UCSF.edu – Cutting back on salt in teenagers’ diets by as little as one-half teaspoon, or three grams, a day, could reduce the number of young adults with high blood pressure by 44 to 63 percent, according to new research presented Sunday, November 14, 2010 at the American Heart Association’s Scientific Sessions 2010 meeting in Chicago.
The findings indicate that the food industry and those who regulate it could substantially improve the nation’s health through even small reductions in the amount of salt in processed foods, which account for the majority of salt consumed in this country.
“The U.S. diet is already high in salt, and adolescents consume more salt – more than 9 grams (3,800 milligrams of sodium) – than any other age group,” said presenter Kirsten Bibbins-Domingo, PhD, MD, UCSF associate professor of medicine and epidemiology. The American Heart Association, who funded this study, recommends no more than 1,500 milligrams of sodium a day for most Americans.
“It’s clear that we need to lower salt intake, but individuals find it hard to make substantial cuts because most salt comes from processed foods, not from the salt shaker,” said Bibbins-Domingo, who co-directs the UCSF Center for Vulnerable Populations at San Francisco General Hospital. “Reducing the amount of salt that is already added to the food that we eat could mean that teenagers live many more years free of hypertension.”
“Fast food and snack foods are major contributors to salt intake among teens, and reducing intake of these food items can have an important health benefit for teens during their teenage years and as they become young and middle age adults,” she said. About 80 percent of salt comes from processed or prepared foods – 35 percent of that in cereals, breads and pastries.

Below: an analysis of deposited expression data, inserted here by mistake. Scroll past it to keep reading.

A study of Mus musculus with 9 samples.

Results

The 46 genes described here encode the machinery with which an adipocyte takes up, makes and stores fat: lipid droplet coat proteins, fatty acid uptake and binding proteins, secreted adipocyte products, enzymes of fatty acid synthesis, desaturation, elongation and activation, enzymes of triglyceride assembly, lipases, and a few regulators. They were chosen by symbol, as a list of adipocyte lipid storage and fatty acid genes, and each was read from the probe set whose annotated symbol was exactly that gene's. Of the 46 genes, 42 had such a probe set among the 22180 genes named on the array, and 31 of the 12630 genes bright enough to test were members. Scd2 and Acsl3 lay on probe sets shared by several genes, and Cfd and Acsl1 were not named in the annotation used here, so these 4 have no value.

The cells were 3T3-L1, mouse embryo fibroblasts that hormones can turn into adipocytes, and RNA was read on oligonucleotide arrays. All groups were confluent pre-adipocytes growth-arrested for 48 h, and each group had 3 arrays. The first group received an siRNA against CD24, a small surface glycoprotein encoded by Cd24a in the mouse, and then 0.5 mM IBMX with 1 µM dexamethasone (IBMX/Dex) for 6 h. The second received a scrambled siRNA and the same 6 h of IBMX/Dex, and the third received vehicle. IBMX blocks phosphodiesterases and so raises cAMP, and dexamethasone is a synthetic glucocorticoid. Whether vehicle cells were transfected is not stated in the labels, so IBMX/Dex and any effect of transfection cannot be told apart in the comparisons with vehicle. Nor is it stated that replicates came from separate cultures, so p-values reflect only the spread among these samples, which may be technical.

Pizza is the biggest culprit of salt for teens according to data from the National Center for Health Statistics.
By lowering dietary salt by three grams per day, the researchers projected the following benefits for healthcare in the United States over time as teenagers reach age 50:
• 7 to 12 percent reduction in coronary heart disease (120,000 to 210,000)
• 8 to 14 percent reduction in heart attacks (36,000 to 64,000)
• 5 to 8 percent reduction in stroke (16,000 to 28,000)
• 5 to 9 percent reduction in death from any cause (69,000 to 120,000)
Salt consumption among Americans has risen by 50 percent since the 1970s, according to the American Heart Association, and blood pressure has risen by nearly the same amount – despite extensive evidence linking salt intake to high blood pressure (hypertension) and heart disease.
In addition to its independent benefits on blood pressure, reducing salt intake can enhance the effects of most anti-hypertensive (blood pressure lowering) agents and reduce complications associated with diabetes, obesity and kidney disease, the researchers added.
According to federal government data, the average teenage boy consumes more than 10 grams of salt (4,000 mg sodium) daily. Most health organizations recommend far lower targets – no more than 5.8 grams of salt per day (2,300 mg sodium) and less than 3.8 grams (1,500 mg sodium) is optimal. Each gram of salt contains 0.4 grams of sodium.
• Small decreases in salt consumption among teens could prevent many cases of high blood pressure, heart disease and stroke in adulthood.
• Processed foods and fast foods, pose high salt hazards to families and teens.
• Researchers say food manufacturers should continue to reduce salt levels in their products.